One of my favorite things about medical cannabis is the variety of ways to consume the medication, also known as the delivery route. As a patient, I love having the ability to choose how I take my medication based upon my specific need. This gives me a sense of control and relief that I’ve never been able to achieve with other treatments.
When choosing a method it’s important to consider the nature of the symptom, time of day, overall goals, and any patient specific concerns. The onset time, overall duration, and potential psychoactivity of the medication should also be considered. This requires some experimentation, but with a little trial and error most patients are able to find the method, or combination of methods, that works best for their symptoms.
Vaporizing cannabis heats the active ingredients called cannabinoids and converts them into a vapor which is then inhaled. Vaporizers remain under the temperature at which the ingredients combust, or turn to smoke. This allows patients to avoid the consumption of toxic compounds such as benzene and carbon monoxide.
Patients can expect to feel the medication within 1 to 5 minutes. This quick onset makes it easy to increase the dose as needed. Effects will last 1 to 4 hours depending on patient tolerance. Vaporizing does not produce the same smell as smoke, allowing for quick, efficient, and discreet medicating.
Due to the quick onset, many patients prefer vaporizing for managing breakthrough symptoms like pain, anxiety, and nausea. In Florida, both cannabis flower and oil based medical cannabis vape products are available.
SUBLINGUAL TINCTURE, OILS, AND SPRAYS
Sublingual tinctures and sprays are usually oil or alcohol based liquids that are applied under the tongue and to the mucous membranes of the mouth. Left to absorb for 1-2 minutes, the cannabinoids are delivered to the bloodstream and begin to take effect with 15 minutes. Most patients reach peak intensity within 45 minutes with total effects lasting approximately 4 hours. Sublingual consumption allows for specific dosing. Patients should start with 1-2.5 mg of medicine and slowly increase the amount as needed. Products will be labelled with a milligram per milliliter (mg/mL)/ designation.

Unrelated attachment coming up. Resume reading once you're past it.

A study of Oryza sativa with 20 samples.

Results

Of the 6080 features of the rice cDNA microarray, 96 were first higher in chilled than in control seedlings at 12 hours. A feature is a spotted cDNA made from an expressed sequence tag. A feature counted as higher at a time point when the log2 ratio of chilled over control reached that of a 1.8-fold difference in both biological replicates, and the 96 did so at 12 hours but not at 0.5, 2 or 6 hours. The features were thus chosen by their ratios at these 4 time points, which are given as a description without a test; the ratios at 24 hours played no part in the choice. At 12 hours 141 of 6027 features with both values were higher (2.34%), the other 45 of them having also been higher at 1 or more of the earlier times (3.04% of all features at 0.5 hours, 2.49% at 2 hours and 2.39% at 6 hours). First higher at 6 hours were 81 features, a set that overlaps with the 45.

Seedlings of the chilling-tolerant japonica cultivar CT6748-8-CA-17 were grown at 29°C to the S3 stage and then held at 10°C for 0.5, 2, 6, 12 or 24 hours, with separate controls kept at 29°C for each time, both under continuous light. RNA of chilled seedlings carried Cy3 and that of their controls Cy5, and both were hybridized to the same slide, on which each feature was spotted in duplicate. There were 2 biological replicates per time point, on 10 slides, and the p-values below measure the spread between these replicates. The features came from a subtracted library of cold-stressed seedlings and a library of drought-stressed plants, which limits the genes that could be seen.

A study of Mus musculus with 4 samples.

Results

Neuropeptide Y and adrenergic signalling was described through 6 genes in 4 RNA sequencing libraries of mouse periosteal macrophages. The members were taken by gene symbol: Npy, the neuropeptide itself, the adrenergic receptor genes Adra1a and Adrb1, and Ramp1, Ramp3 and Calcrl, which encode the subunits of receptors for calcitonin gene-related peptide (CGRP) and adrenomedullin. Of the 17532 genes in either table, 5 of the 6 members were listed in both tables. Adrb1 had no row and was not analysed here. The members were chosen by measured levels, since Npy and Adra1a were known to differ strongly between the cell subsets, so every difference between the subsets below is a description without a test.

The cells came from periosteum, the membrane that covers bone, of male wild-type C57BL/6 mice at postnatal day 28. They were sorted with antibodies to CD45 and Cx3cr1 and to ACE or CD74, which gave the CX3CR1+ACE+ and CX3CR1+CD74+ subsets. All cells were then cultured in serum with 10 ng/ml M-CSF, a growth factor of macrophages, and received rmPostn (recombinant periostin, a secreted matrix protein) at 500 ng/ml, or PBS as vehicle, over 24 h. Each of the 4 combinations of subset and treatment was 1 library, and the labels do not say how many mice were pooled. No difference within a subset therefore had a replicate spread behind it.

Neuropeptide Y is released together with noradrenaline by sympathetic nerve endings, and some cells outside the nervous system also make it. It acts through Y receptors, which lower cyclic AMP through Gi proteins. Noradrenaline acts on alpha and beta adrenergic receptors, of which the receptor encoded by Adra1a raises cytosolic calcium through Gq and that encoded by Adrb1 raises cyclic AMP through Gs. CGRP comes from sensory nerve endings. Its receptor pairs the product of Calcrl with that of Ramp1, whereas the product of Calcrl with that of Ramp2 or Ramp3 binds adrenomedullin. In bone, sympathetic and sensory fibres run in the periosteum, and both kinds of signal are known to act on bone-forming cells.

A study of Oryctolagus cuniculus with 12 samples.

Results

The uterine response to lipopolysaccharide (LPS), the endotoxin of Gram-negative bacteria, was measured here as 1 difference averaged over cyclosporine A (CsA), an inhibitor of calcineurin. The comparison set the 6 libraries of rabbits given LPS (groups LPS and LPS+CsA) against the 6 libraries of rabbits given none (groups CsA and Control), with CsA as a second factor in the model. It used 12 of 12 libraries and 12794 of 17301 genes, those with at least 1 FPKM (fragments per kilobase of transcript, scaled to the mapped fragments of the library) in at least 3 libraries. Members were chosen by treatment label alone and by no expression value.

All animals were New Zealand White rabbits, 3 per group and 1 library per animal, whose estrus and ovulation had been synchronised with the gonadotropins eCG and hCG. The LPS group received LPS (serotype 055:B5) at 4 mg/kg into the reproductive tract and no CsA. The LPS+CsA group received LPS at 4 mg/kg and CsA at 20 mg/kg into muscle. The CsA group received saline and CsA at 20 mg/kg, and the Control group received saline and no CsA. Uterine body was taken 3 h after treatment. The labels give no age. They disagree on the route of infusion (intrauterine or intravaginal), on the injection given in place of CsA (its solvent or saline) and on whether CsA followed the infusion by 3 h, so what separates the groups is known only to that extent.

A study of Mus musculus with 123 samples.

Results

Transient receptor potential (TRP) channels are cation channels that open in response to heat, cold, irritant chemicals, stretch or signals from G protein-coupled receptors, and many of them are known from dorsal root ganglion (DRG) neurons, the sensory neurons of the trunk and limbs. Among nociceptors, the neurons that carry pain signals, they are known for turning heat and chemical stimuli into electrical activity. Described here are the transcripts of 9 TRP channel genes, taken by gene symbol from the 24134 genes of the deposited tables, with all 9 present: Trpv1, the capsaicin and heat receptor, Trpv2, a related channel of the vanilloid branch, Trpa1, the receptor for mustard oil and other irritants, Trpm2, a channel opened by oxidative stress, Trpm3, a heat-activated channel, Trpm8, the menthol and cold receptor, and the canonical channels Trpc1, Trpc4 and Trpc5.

For example, a 1mg starting dose of medication in a product that is 10mg/mL would be .10 mL of medication. In a 20mg/mL preparation the same dose would be .05mL.
Many patients find optimal relief by using sublingual preparations 2-3 times per day, adding inhalation methods as an adjunct therapy for breakthrough symptoms on an as needed basis.
ORAL OILS & CONCENTRATES
Oral medications are the same oils that can be used sublingually, but they are immediately swallowed or eaten in food. Oral cannabis has the benefit of a much longer duration than any other administration method, but it can also be the most difficult to dose. Onset is anywhere between 30 minutes to 2 hours with effects lasting 5 to 8 hours. Onset and duration can vary wildly by patient due to differences in absorption, metabolism, and stomach content.
Effects are more intense and body dominant than other delivery methods, making it a good choice for severe and persistent chronic pain. Patients with sleep difficulties, especially middle of the night awakening, also respond favorably to oral dosing. Many patients find maximum benefit by mixing oral concentrates into food or baked goods and consuming as a “medible.”
While low and slow is the rule for all medicinal cannabis dosing, it’s extra important when consuming oral medication. Too high of a dose can result in intoxication, anxiety, paranoia, and nausea. Patients new to cannabis should start with doses under 5mg. Those with cannabis experience may start with10mg and slowly titrate dose up as needed, being sure to allow ample time for medication onset.
TOPICAL & TRANSDERMAL
Topical applications of medicinal cannabis are growing in popularity, especially for elderly users. In Florida you can purchase creams infused with cannabinoids, which are used to relieve pain, neuropathy, muscle spasms, and skin conditions such as psoriasis and eczema. Topicals do not produce a high or psychoactive effect, making them a great choice for pain relief when working or on the go. Onset is usually felt within 20 minutes with relief lasting 3-4 hours. Patients can also purchase transdermal patches, which provide a steady low dose of medication for up to 12 hours at a time. Onset is typically felt within 45-90 minutes.
Article also published in the NUSASun.